The Colour of Words

I’ve just finished reading Malorie Blackman’s excellent Noughts & Crosses. It is a book that was on my reading list for a long time, and it was my little sister who finally inspired me to pick it up.

Little sister usen’t be the read-y type, she is more the music-y type (or should that be musical, because she is TALENTED). But little sister is now an English teacher, and she had to vet Noughts & Crosses for her school library. It blew her away, the fact that plasters in Blackman’s world came only in one skin tone, this captured her imagination in the way that every author hopes that their writing can change perception. My 25-year-old sister is now more aware in her day-to-day life of the nuances of power that can be derogatory, not just based on skin-tone, but on religion and ethnicity as well. Being a ‘Paddy’ in London has helped this awareness too, but now she has begun to question how access and attitude to education in the formative years can make or break a societal class…she has seen first-hand in the classroom what wealth and power mean and Malorie’s book has allowed her to contextualise what she has witnessed and how it will shape her students’ futures.

For me the startling point was the voice…beyond the Prologue each chapter is told in first person point of view, alternating so you get to hear each of the characters progress the story…the voice, the narrative tone from inside the character’s own heads had no colour, unless you saw their reflections in the mirror through their own eyes you would not guess at the colour of their skin. And I think that this is Malorie Blackman’s point (but feel free to correct me). That people sound the same on the inside. Malorie flipped the world that we know on its head. To challenge our views by presenting us with our world from an entirely different perspective. And she did this very successfully. Knife Edge and Checkmate are next.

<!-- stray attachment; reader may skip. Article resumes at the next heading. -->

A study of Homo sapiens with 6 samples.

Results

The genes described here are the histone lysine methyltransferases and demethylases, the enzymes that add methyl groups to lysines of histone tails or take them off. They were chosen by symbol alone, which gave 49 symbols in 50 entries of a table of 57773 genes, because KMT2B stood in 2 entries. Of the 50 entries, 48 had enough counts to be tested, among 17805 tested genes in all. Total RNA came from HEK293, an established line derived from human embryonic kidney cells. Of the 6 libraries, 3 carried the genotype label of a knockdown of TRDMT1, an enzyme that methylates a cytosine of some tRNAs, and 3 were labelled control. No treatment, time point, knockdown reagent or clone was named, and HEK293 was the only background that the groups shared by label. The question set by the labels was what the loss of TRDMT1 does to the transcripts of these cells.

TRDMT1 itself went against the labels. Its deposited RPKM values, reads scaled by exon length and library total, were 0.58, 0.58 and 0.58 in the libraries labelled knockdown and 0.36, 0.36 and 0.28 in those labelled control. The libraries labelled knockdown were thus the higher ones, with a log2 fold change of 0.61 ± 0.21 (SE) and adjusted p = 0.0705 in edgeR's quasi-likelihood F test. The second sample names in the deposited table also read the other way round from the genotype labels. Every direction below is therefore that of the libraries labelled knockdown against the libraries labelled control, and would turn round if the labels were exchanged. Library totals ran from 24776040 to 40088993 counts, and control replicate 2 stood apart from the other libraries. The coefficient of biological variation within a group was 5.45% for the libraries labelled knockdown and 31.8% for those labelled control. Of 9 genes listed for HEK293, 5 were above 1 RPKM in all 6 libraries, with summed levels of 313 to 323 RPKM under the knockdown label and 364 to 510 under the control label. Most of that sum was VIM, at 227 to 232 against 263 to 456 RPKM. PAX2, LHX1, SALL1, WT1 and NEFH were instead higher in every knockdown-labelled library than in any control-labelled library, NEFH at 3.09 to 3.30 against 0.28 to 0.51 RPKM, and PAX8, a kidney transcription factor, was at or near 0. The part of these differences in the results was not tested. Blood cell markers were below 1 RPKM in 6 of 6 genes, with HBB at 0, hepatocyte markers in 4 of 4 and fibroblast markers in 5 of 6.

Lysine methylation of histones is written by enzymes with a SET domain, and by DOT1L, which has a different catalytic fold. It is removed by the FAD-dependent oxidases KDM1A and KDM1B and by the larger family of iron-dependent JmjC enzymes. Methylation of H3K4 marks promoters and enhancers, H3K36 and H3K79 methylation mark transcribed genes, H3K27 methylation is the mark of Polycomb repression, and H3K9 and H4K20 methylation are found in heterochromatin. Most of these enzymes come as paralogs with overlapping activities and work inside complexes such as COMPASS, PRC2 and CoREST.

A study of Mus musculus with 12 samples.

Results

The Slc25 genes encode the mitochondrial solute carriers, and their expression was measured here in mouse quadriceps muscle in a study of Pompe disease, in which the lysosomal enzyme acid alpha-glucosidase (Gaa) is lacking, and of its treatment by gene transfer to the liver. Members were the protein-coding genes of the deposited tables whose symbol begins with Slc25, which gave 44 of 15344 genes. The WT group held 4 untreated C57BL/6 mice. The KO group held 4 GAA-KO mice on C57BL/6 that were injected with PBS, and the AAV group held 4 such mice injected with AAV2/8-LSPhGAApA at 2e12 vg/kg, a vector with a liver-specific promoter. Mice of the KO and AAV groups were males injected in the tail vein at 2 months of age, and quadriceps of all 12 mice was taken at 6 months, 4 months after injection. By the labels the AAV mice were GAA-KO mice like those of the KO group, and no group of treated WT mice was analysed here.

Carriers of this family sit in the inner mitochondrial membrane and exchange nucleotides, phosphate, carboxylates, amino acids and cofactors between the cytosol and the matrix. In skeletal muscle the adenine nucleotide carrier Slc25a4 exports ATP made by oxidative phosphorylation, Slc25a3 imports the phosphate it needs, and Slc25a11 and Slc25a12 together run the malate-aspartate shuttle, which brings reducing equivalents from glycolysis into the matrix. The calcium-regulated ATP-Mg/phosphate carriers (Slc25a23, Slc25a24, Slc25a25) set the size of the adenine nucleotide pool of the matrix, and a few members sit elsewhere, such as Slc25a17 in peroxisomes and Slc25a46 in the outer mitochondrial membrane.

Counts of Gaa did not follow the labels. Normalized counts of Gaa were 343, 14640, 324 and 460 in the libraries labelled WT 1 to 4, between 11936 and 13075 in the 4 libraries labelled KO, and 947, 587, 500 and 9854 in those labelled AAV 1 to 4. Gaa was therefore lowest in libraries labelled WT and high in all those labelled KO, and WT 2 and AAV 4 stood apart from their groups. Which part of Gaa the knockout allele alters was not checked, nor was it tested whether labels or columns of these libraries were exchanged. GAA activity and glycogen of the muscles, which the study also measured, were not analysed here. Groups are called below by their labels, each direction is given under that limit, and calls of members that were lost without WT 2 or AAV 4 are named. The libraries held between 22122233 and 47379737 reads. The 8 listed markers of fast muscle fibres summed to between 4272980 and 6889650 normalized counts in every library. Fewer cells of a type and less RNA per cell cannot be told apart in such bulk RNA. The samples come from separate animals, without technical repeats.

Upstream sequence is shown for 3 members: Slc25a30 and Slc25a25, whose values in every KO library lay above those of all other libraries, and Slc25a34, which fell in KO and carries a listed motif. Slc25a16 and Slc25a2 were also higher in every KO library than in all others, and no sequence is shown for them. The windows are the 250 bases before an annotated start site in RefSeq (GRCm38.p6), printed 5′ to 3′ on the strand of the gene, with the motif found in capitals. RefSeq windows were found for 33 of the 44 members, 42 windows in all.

Have you read these books? What did you think? How would you classify these in the Young Adult age bracket (completely trying to define where The Preacher’s Boy sits so feel free to ignore this question 🙂 )


  1. Hi BFP. After reading your review I will be placing Naughts & Crosses on my wish list. Will see if it is available in eBook format?

    Could I take this opportunity to include a recommendation of my own? Recently, I completed a first read of: The Selfish Society by Sue Gerhardt. Gerhardt explores the theme of: ” How we all forgot to love one another and made money instead.”

    Her book is a pretty powerful, no holes barred analysis of societies like for example our late Celtic Tiger. She looks at how early influences in children’s lives can be makers or breakers, from the point of view of their eventual contributing, or not, as adults within what we all believe needs to be a caring society.

    Liked your post.

    1. Wow, thanks dubmantalks…that looks like something I would be very interested in reading myself…I am all about early influences in childhood (hoping that somehow I won’t screw my two up in the process of their childhood)!
      I’m sure it is on eBooks…but if not, a trip to someplace incredibly old-fashioned, like the library, might net you a copy…usually stacked in Young Adult section!